Ms. Betty Willis: Her Famous “Welcome to Fabulous Las Vegas” Sign and Her Artistic Legacy in Las Vegas Neon

Photo (c) 2015 Gary A. Trimble
On March 23, 2015, Ms. Marjorie Holland, the daughter of Ms. Betty Willis, visited the Boyd School of Law to speak to Boyd students, faculty, and guests about her mother, a beloved artist who shaped the history of Las Vegas neon sign design. Ms. Willis, now 91, is most well known for her iconic sign “Welcome to Fabulous Las Vegas,” which she designed in 1959; the sign still welcomes visitors on Las Vegas Boulevard at the south end of the “Strip” today. But Ms. Willis’ legacy includes many other signs, including the famous sign for the Moulin Rouge Casino, which opened in May 1955 as the first desegregated hotel and casino in Las Vegas, and the sign for the Blue Angel Motel.

Photo (c) 2015 Gary A. Trimble
Ms. Holland's talk was co-organized by the Wiener-Rogers Law Library and Professor Marketa Trimble, and gave students from Professor Trimble’s Advanced Intellectual Property Seminar an opportunity to learn about Ms. Willis’ artistic legacy, career, vision, and concerns, and also a practical background for considerations of legal protection and the limitations of legal protection that apply to artists and their art, particularly in the context of art created for public places.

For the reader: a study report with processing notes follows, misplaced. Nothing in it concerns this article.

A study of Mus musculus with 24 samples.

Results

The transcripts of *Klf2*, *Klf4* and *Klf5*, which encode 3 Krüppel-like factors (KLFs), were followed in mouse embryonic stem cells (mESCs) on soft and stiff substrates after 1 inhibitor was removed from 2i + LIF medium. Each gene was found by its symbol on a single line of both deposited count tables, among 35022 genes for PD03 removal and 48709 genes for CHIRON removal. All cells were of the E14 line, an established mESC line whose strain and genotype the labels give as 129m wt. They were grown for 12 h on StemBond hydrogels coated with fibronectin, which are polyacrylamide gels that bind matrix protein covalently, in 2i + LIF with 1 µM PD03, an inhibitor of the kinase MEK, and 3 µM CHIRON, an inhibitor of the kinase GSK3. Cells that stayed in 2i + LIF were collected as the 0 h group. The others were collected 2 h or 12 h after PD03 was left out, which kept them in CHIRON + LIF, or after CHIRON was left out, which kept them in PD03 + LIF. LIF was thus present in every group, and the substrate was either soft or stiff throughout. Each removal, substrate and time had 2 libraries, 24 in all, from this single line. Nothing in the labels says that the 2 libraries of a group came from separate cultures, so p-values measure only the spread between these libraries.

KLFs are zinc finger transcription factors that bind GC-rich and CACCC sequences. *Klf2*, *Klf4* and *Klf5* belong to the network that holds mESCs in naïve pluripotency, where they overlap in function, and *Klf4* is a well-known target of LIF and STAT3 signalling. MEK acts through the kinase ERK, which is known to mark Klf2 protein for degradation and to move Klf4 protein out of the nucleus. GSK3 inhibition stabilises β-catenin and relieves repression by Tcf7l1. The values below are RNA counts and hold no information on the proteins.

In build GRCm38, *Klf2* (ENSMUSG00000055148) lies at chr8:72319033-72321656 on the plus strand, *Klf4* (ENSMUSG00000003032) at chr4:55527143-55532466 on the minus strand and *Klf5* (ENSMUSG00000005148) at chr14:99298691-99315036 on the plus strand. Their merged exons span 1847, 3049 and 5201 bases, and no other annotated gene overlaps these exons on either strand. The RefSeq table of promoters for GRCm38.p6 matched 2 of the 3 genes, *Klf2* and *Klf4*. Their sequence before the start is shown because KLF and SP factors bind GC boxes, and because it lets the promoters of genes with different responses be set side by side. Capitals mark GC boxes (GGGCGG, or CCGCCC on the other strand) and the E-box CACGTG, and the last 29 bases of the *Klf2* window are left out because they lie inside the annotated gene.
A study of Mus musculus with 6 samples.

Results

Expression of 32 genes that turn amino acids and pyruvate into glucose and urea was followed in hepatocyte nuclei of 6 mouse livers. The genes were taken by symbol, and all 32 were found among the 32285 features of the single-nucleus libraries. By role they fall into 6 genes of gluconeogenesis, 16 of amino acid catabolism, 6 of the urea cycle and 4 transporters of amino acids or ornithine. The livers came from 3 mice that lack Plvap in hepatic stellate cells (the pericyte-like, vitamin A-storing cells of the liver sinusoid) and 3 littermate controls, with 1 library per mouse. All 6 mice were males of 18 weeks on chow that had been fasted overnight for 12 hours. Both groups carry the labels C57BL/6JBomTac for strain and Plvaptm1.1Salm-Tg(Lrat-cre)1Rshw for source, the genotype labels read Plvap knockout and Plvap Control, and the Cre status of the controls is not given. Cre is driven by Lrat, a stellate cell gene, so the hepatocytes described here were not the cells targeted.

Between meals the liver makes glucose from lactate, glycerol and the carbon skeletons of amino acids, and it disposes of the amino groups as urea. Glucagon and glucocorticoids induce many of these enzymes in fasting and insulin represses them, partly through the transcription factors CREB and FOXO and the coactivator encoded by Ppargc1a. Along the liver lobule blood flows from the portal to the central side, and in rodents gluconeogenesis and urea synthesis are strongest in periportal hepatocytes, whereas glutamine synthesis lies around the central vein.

Photo (c) 2015 Gary A. Trimble
The Advanced Intellectual Property Seminar, offered at Boyd each year by either Professor Mary LaFrance or Professor Marketa Trimble, is designed for students who complete at least one of Boyd’s foundational intellectual property law courses and want further specialization in an area of intellectual property law. The Seminar expands students’ knowledge of intellectual property law and policies that affect the law by building on the students’ knowledge from the foundational courses. Students write an extensive research paper for the Seminar that explores an advanced intellectual property law topic of their choice. For example, the students in the Seminar this year are writing research papers covering topics such as the patenting of computer programs, the patenting of financial business methods, the patenting of artificial intelligence, parodies made of fashion brands, copyright and creativity in hip-hop music, and recent amendments to the Korean patent law.